Don’t let the man near the money 6




Fortunately between the smart phone and satellite navigation it’s hard to get lost in the car. What about saving for and living in retirement? Who wears the pants? Who makes the decisions and is testosterone interfering with your life in more ways than you realise?

In a recent UK studyit was found that higher levels of testosterone in men (and women) increases the tendency to dominate others, results in a decreased willingness to take account of the opinions of others and a higher tolerance of economic risk.

It seems that success and winning can trigger the creation of greater levels of testosterone. Gamblers on a winning streak get drunk on it. Successful people (men and women) produce more testosterone! Testosterone can cause, amongst other symptoms, overconfidence.

Ever met anyone overconfident enough not to ask for help? Chances are that you are married to one or it’s the person you see in the mirror. What an irony that the more successful you are could undermine how successful you will be!

What does any of this have to do with money?

The answer is that the world of retirement, of investment and superannuation, of pension and annuities, of government assistance and incentives, and of markets and risk, is often all new. The answers are not self evident. The danger is that our retirement system, just like our tax system, is self assessment.


The right answers are not obvious and the errors can go unnoticed.

I have spent my career helping people make the most of the financial system to their benefit; to play the game well. The point is that you have to ask for help as there isn’t any automated service that flags when you are not getting the most from your savings.

As Ella Fitzgerald sang: “T’aint What You Do (It’s The Way That You Do It)”.

There is no right way either. Everyone, couple and family are different. Different goals, different bank balances, different assets and liabilities and different living expenses. Some need less than they have and some need more than they can afford.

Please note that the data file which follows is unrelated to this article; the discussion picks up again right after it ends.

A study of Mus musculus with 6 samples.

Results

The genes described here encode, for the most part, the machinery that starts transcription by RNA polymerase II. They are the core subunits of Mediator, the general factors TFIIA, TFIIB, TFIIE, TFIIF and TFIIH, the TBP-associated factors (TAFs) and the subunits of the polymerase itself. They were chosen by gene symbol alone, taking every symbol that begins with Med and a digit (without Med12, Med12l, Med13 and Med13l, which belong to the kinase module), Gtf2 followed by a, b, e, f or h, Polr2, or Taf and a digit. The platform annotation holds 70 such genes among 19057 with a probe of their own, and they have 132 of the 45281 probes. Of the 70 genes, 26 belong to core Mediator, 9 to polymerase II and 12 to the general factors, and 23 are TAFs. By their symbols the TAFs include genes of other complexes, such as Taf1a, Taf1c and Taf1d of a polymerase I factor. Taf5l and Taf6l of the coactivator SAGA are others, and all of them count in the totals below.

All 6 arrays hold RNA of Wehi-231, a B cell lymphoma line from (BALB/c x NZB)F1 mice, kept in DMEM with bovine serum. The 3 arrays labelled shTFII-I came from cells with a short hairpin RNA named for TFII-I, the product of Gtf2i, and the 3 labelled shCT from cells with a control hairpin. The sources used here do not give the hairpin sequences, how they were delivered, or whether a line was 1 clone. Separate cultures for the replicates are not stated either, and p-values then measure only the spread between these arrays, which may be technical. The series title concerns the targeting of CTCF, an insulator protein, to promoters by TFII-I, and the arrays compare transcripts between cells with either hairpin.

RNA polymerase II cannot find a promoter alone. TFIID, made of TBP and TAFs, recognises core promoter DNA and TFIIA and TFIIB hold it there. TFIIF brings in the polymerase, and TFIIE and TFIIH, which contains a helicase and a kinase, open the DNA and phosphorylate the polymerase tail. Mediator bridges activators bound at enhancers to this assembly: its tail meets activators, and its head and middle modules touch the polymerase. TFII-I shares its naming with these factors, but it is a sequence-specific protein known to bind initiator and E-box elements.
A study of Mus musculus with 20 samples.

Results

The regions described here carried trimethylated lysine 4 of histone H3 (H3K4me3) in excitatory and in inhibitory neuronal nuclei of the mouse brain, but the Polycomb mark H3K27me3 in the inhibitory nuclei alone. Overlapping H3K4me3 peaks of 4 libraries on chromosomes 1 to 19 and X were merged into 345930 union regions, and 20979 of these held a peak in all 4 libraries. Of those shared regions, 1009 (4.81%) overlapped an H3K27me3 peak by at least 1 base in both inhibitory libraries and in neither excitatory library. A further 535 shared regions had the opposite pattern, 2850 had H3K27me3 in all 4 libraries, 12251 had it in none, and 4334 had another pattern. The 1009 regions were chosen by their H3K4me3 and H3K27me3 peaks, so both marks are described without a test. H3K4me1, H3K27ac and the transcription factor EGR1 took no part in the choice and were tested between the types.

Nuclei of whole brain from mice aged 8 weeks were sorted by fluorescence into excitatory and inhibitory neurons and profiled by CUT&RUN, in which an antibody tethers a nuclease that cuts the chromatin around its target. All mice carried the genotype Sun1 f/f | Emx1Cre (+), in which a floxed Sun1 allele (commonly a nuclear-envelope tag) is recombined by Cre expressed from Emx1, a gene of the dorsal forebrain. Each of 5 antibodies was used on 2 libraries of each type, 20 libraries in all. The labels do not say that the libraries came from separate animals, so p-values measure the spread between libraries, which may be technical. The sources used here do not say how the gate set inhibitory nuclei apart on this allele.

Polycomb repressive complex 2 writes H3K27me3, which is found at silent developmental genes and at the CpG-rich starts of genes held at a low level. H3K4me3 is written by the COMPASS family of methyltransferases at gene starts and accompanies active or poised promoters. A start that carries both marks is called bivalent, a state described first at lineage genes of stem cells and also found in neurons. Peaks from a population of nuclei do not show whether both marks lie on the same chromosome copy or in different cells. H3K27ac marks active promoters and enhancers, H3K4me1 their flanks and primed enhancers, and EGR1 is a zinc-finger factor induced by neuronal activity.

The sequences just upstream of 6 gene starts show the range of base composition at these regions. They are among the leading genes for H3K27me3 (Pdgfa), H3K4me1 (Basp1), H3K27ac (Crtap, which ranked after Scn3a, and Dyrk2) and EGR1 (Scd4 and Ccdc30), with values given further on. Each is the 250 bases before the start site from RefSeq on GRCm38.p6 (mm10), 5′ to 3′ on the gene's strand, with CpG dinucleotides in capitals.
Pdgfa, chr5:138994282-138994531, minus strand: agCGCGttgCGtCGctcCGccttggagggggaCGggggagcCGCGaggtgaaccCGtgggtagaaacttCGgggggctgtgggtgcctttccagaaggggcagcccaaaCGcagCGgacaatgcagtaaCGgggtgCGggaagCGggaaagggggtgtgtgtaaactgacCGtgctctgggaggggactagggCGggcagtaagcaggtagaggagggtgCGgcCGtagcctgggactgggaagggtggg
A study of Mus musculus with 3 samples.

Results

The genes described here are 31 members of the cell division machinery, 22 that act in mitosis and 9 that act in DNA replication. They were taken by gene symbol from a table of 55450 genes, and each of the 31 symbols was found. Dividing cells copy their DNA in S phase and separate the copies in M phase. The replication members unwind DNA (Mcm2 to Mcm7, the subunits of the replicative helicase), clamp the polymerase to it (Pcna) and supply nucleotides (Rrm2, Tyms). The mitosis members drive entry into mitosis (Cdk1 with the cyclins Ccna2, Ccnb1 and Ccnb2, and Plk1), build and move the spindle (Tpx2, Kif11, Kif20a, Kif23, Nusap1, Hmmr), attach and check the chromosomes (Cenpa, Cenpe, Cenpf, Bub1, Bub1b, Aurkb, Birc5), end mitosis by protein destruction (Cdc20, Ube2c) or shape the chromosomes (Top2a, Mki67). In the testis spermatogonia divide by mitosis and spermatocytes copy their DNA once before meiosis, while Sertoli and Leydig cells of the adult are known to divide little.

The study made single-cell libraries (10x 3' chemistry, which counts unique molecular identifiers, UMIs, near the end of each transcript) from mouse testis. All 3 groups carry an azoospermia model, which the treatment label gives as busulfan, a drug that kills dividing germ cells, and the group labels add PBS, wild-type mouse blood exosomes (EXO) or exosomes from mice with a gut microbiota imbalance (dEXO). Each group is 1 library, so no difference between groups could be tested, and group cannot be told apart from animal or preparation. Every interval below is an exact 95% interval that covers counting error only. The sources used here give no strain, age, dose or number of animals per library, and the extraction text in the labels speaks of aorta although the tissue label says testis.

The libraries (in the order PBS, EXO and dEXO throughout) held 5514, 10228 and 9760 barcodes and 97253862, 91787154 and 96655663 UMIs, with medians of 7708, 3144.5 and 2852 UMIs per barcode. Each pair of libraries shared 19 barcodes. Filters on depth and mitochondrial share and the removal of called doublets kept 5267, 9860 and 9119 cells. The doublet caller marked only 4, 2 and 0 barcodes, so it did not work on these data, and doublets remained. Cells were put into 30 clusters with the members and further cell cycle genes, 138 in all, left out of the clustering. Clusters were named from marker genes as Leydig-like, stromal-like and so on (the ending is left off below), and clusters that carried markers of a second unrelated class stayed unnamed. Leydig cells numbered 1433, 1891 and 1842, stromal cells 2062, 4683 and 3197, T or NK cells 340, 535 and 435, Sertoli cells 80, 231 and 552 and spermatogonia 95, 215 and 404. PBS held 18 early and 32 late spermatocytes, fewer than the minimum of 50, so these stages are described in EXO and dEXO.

If you haven’t consulted an expert then you may be missing out and the sooner that you get help, the wealthier you could be. Look for a financial adviser you can trust. Ask for advice, for a strategy and for guidance to get the most for you and your family.

I may sound like a broken record but if a financial adviser starts with a product discussion instead of asking what you want, leave the room.

Strategy is everything.


This editorial provides general information only. Before making any financial or investment decisions, we recommend you consult a financial adviser to take into account your particular investment objectives, financial situation and individual needs. Genesys Wealth Advisers and its Authorised Representatives do not accept any liability for any errors or omissions of information supplied in this editorial.


Do you and your partner have opposing spending habits? Who spends more? What are you doing about it? Tell us below.

Peter Audet

Peter Audet has made a career in financial services starting in 1988 in Sydney and establishing his advice business in 1995. Varria provides advice to clients right across Australia. At Varria, we believe that when you really understand how money works for you, you unlock the key to being happy and satisfied with it. They call it Wealth Truth.

  1. Peter said “If a financial adviser starts with a product discussion instead of asking what you want, leave the room”.
    Our tax agent recommended a financial adviser and we are so thankful.
    First, after a look at each of our super funds, she said yes an SMSF was worthwhile for us. Then we were given a multi page questionaire and told to to home and fill it out separately. No cheating. This was to evaluate the amount of risk each of us was prepared to take with our hard earned (one two week holiday in 34 years) savings. It turned out we were both very conservative. The years go by and our financial adviser fills out government forms out for us, deals with Centrelink and basically knows everything we don’t. We are so much better off mentally and financially for having her.

    1 REPLY
    • That’s great feedback Leone. Please feel free to share your adviser’s name with the community.